The spectacular rise of Silicon Valley start-ups, including Uber, Lyft and Slack, gives the impression that success in the industry is easy.
In the Middle East, ride-hailing app Careem has also seen success, after it was bought by Uber for three billion dollars. But can that be replicated? What are the challenges facing start-ups in the Middle East?
Mufeed Ahmed, cofounder of Qubicle and WashNow, and Majed Lababidi, CEO of Droobi Health, join Counting the Cost to talk about start-ups and the path from idea to implementation in the Middle East.
“There are three top challenges every start-up has to face: one of them is fundraising, [number two is] hiring the right staff and number three is monetising the business to scale. I think the third one is very common to all the start-ups, internationally and in the region. But the first two, it’s very difficult here in the region,” says Lababidi.
“People would actually throw in a lot of money once you are successful, once you have a lot of orders, but to have people trust in you from your idea to your launch stage, that’s one of the most challenging things in the region,” explains Ahmed.
“In Silicon Valley, they are used to ideas of start-ups, and they have seen successful start-ups make a lot of money,” says Lababidi. “Here in the region, we have money, we have angel investors, we have people ready to invest. But not in the idea stage, or not in the start-up stage. Because they don’t have a previous experience and they don’t see a lot of start-ups actually making money.”
However, he is also hopeful that things are changing.
“Now, it’s different,” he says. “We witness Uber and Talabat and Careem … they have very successful stories now, and so the mindset is changing … Now, they look for creative ideas … to invest in.”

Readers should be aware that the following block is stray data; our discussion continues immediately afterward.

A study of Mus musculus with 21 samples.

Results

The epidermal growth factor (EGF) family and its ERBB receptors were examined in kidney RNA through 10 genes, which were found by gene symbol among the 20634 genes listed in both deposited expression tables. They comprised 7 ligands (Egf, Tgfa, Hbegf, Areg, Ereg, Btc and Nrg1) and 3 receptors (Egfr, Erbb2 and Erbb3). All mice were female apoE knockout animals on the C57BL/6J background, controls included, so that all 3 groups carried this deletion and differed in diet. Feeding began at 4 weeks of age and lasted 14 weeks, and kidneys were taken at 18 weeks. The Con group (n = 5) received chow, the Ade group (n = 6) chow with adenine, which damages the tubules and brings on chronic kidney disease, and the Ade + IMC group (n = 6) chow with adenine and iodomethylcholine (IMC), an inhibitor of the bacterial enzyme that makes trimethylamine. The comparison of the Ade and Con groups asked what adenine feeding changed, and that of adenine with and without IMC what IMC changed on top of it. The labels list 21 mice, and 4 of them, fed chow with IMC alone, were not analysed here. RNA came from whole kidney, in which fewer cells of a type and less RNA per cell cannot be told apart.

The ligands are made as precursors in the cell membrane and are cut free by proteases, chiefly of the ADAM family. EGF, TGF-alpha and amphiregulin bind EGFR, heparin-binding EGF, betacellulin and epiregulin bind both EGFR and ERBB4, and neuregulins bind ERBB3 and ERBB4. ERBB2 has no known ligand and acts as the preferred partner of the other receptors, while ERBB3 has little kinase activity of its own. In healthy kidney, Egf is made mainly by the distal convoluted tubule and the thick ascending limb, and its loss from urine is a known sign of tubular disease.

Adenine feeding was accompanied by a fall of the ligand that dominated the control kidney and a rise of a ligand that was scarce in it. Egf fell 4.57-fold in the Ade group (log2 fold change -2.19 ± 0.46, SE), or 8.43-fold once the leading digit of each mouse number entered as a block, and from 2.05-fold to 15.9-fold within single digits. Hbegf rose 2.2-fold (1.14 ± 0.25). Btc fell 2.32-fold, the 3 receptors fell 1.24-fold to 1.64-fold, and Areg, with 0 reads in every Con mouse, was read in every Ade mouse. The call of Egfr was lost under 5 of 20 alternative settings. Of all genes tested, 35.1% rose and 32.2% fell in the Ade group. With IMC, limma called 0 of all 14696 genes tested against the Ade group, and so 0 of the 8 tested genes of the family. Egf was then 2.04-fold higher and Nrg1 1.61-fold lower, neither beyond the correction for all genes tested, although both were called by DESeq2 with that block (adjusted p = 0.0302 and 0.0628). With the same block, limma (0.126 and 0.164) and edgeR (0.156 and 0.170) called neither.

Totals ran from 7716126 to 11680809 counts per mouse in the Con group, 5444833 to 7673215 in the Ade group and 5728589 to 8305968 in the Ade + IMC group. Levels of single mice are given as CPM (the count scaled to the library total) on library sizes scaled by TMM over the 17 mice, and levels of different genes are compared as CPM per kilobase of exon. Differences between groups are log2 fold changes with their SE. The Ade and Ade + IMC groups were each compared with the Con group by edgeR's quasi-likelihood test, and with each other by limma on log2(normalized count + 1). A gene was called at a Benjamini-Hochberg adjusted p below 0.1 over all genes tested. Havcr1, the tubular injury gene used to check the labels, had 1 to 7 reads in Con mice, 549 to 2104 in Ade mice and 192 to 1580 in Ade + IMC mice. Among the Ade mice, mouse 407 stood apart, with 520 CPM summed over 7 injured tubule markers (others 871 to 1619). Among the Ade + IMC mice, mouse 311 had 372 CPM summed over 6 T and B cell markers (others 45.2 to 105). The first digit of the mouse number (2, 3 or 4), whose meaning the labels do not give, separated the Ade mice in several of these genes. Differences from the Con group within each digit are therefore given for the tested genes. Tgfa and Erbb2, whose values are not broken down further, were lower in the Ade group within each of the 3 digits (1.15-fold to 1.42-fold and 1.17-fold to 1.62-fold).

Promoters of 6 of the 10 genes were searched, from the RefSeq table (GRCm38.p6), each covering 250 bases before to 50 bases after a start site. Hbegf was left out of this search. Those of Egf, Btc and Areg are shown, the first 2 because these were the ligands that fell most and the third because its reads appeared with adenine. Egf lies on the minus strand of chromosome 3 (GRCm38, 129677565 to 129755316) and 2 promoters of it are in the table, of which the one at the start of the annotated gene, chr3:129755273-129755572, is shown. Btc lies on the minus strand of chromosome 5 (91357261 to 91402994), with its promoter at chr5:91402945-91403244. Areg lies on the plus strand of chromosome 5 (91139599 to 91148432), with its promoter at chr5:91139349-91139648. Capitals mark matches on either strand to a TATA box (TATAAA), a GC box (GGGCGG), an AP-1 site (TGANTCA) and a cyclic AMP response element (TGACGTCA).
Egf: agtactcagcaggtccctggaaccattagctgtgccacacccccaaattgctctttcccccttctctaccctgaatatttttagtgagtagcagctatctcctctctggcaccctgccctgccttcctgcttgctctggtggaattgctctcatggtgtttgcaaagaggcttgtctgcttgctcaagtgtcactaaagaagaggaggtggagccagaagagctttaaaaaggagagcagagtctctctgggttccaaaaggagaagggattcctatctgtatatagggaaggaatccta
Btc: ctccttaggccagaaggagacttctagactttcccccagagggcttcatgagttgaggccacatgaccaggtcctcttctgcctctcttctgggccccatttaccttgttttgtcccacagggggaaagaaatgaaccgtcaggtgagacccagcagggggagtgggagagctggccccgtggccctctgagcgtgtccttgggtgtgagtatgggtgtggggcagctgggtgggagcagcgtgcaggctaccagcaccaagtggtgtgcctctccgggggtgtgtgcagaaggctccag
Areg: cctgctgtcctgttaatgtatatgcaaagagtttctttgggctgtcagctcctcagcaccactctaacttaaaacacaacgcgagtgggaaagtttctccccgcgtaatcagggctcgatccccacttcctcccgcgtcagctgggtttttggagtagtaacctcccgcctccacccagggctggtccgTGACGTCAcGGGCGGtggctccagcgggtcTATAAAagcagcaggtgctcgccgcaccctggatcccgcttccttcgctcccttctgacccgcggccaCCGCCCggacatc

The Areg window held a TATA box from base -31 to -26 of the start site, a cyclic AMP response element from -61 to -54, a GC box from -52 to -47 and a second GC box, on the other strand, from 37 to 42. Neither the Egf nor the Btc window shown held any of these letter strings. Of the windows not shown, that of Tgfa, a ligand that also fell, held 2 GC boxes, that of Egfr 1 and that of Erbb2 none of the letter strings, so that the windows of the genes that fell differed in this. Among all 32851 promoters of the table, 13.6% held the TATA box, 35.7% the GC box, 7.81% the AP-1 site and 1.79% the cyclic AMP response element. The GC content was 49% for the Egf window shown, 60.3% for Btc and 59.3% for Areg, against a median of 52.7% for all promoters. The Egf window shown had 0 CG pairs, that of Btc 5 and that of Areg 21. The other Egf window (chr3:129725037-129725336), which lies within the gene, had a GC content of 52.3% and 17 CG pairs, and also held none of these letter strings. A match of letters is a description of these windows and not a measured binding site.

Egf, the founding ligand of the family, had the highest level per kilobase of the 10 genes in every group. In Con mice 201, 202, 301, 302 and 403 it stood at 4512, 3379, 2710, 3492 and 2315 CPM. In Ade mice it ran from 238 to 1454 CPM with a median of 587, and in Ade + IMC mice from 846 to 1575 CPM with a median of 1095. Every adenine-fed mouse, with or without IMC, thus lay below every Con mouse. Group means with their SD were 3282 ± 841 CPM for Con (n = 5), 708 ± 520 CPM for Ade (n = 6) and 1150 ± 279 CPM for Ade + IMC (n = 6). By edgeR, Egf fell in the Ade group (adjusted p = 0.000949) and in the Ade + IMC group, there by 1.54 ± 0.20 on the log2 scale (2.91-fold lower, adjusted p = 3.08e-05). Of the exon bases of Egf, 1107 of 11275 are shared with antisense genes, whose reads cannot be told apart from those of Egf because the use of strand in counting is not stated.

Lababidi believes that “With this big news about the three-billion-dollar acquisition for Careem, now international players look at the Middle East as ‘well, there is something here’ – which is something that was missing. Trying to get some funding [for Droobi] we went to different conferences in Europe and in the US, and they had zero interest in investing in start-ups in the MENA region, but now, with Careem … and Talabat, the radar is here … on the region’s start-ups.”
Careem’s success story “boosted the confidence of many start-up founders … and globally, a lot of investors have their focus on the Middle East now,” Ahmed agrees. “But for me, the most exciting part is, that the Careem founders … I am sure they are going to invest in a lot of regional start-ups. I am sure they are going to help a lot of regional start-ups because they themselves have lived the story.”
Source: Al Jazeera
The spectacular rise of Silicon Valley start-ups, including Uber, Lyft and Slack, gives the impression that success in the industry is easy. In the Middle East, ride-hailing app Careem has also seen success, after it was bought by Uber for three billion dollars. But can that be replicated?